Lesson Plan

Seeing the unseen - Science Haiku's

Students use microscopes to take zoomed images of classic objects, and then write a Haiku to describe the object.
Andrea N.
Technology Integration Specialist
Springfield Local Schools
Akron, United States
My Subjects English Language Arts, English Language Learning, World Languages, Math, Science, Social Studies, Arts, Health & Wellness

Students will be able to expand their thinking by using microscopes to explore symbols.  Students will use microscopes to explore their symbol/image and take a screenshot of that symbol.   Students will write an haiku hinting at the meaning of their symbol and explaining their picture.  

English Language Arts
Grades 6 – 8
All Notes
Teacher Notes
Student Notes

1 Hook

Activity: Other — Set- induction

Review the concept/definition of symbol with students.  

Have students identify examples of symbols they see/use in their daily lives.  This can be done as a class discussion.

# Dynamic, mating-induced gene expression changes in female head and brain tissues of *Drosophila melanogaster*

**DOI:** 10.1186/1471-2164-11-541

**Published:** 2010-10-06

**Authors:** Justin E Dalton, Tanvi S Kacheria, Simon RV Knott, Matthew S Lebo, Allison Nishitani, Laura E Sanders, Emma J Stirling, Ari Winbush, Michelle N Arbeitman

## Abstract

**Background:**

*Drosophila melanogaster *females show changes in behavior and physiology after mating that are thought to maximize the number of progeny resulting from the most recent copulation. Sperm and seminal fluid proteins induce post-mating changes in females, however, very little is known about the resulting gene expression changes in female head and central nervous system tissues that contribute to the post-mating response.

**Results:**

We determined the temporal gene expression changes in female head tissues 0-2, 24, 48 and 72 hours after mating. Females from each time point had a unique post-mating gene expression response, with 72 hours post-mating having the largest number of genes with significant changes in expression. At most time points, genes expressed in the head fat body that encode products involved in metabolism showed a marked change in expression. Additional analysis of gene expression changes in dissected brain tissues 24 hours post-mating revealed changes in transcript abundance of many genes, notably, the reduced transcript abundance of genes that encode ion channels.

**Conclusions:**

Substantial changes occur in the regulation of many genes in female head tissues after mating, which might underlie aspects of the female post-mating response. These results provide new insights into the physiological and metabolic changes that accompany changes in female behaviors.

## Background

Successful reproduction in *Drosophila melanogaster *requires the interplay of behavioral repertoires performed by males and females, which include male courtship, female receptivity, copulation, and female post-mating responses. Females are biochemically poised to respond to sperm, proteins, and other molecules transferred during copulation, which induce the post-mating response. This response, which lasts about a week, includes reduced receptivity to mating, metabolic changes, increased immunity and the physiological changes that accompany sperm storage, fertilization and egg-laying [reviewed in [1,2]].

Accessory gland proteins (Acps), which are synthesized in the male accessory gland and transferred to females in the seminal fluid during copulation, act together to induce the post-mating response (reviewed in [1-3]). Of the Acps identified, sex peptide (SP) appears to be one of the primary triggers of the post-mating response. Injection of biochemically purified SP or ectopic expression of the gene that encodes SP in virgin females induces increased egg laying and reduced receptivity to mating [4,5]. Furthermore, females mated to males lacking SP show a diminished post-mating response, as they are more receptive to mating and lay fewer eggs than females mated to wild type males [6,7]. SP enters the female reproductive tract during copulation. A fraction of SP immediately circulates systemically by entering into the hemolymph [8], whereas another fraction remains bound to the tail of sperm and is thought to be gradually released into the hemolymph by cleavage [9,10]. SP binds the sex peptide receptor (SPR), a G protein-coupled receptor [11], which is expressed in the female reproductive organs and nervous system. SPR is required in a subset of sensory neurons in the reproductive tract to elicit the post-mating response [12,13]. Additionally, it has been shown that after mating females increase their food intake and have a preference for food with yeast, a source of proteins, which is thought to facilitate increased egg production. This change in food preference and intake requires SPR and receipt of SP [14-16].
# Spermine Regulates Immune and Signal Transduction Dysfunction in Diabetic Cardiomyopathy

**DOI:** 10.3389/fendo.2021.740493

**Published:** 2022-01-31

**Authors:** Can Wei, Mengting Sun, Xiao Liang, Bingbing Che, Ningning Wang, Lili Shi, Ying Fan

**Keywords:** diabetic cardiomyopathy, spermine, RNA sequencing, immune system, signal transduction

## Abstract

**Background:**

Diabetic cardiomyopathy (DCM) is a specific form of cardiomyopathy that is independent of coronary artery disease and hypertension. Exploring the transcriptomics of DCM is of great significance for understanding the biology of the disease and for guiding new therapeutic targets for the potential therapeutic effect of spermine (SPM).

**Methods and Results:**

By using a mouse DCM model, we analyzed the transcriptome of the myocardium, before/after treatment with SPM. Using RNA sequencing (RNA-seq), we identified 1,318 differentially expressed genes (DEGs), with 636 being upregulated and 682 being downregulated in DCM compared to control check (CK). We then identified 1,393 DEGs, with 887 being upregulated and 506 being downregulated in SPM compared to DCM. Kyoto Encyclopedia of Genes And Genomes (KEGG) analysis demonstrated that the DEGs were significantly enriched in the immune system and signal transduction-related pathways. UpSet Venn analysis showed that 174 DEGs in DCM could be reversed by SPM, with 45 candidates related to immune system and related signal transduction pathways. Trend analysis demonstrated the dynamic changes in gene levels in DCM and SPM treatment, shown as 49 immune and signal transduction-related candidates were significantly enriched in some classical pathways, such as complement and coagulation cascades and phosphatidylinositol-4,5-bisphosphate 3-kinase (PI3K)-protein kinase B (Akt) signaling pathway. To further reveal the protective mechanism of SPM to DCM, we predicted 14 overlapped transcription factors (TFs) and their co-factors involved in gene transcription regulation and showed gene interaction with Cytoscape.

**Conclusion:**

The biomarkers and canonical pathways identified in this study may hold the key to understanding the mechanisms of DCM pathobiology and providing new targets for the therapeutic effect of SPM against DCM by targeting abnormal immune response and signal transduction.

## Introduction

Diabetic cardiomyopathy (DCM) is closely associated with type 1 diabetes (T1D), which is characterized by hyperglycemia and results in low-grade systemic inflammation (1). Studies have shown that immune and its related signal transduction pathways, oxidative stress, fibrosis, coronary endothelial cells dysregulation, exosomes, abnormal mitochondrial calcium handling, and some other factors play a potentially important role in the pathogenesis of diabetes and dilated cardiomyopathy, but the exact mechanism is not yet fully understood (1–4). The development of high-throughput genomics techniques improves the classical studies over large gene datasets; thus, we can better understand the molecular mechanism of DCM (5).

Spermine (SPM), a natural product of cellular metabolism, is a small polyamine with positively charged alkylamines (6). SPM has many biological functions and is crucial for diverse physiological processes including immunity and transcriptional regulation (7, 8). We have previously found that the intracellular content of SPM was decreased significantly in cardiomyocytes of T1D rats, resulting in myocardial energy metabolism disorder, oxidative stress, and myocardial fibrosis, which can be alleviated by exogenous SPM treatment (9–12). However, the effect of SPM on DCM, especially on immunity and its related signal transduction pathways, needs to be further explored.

Student Instructions

Identify some symbols in your life today.

2 Microscope exploration

*If students have not used microscopes before, students should receive a lesson on how to use the microscope and how to handle the devices.  If they have been taught how to handle the devices, a review of this information should still be provided.*

Students will use the microscopes to take close up screen shots of objects.  These objects can be pre-assigned by the teacher, or students can explore objects on their own and pick their favorite.  Students should avoid using duplicate symbols/objects if possible.  Encourage students to think outside the box with objects and symbols.  

The teacher should circulate and assist and guide students as necessary.  

3 Haiku creation/Presentation

Google Drive
Free, Paid

Students will use their screen shot and place it in their Google Docs accounts.  They will then write their haiku underneath their picture to create a final presentation of their work.  The haiku should not directly name the object, and descriptive details should be included.  The haiku should touch on the relevance of both the literal and symbolic meaning of the object. 

Work should be shared with other members of the class.  Final projects can be printed out and hung in the hallway to create an "art gallery."